There's lovely now
Gower Penninsular Travel Blog› entry 14 of 18 › view all entries
Up early this morning and have a shower (this one doesn't need a token or money!!). Walk the length of Newgale Beach and back again finding the razor shells from the clams on the beach. Meet a guy with cocker spaniel who had lived in Sydney and we swap yarns. Drive to Haverfordwest and stop by at Kestrel Road where we lived when I was 13-16 years old. Take Andrew out to St Brides Haven where one of the prettiest beaches is and a team of scuba diver instructors are taking advantage of the clear waters and safe beach to do some training. Out to the tourist mecca of Tenby where I ring my school teachers from high school days. Mr D tells me that Mrs D is not at all well having just come out of hospital after an operation for cancer so I wish them both well but we cannot visit.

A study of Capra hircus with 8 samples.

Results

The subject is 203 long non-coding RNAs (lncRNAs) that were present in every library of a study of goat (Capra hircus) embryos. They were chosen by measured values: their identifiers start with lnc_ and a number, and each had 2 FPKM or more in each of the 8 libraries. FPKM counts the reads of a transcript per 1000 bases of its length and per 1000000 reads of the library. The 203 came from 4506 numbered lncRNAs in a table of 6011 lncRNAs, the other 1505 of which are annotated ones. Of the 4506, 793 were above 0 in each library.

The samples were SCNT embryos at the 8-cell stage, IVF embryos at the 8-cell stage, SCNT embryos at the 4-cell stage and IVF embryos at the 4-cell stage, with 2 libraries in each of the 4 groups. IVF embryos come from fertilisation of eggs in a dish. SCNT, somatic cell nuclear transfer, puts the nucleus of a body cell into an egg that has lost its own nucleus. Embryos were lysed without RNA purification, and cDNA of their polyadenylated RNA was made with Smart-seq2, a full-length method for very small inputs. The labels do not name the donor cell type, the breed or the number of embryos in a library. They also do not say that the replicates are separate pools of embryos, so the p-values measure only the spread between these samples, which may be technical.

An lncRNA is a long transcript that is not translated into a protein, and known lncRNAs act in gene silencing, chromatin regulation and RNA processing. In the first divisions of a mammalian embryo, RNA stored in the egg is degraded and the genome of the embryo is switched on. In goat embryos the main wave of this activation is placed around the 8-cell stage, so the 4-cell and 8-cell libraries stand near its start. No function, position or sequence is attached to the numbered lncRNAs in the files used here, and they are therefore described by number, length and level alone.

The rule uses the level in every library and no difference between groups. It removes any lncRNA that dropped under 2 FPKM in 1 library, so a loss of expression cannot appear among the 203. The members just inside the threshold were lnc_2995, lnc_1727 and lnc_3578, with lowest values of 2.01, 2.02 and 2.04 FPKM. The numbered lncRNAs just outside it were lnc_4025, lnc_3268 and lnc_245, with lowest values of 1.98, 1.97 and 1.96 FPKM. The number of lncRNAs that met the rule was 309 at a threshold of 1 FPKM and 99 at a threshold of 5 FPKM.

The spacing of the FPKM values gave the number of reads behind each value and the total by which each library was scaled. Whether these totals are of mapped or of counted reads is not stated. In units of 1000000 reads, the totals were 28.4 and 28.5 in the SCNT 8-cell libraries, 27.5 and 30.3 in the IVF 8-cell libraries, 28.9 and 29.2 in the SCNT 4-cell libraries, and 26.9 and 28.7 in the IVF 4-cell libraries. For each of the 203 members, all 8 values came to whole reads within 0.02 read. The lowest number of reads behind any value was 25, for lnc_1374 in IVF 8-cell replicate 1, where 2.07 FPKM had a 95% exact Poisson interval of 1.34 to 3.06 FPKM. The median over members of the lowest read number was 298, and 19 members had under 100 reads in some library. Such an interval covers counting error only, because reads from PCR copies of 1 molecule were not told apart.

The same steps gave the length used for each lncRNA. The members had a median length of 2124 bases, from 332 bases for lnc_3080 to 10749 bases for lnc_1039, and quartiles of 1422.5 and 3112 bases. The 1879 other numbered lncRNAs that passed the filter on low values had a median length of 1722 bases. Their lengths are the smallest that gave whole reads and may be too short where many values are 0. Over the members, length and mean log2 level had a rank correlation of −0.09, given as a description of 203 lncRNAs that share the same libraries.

Onwards through St Clears, Camarthen, Llandovery to Carreg Cennen Castel. This castle was built on a limestone outcrop and has incorporated a natural cave in it's construction. After we drive through Swansea we move towards the Gower Penninsular and find a breathtaking campsite at Three Bays. We are told that it has been rated as the most scenic camp spot in the United Kingdom. The best scenic spot requires us to pitch the tent at the edge of a cliff overlooking a sandy cove on a very sloping piece of ground. This means that in the morning we will wake up at the foot of the tent having slid down the slope! As I prepare dinner and Andrew pitches the tent and makes up the bed, the tide comes in and a herd of about 30 wild ponies comes down to the water's edge and canter through the salt water ! Magic.
Our camping neighbours prove to be an interesting couple. He ( a catholic priest for 9 years) wants to know about our trip and how we managed to be away from work for 10 months. Refuses to believe we resigned and jokingly suggests that we can confide in him, a complete stranger, if we were fired! However, he gives us one great tip when he learns that I am a Morris Dancer. He asks if we are interested in pagan rituals or visiting stone circles and suggests that we visit New Grange in Ireland. We do and I will try to give it justice when I get to that part in my diary. It proved to be the most spiritual place I feel I have been in and the structure was built 5000 years ago, some 500 years before the pyramids in Egypt.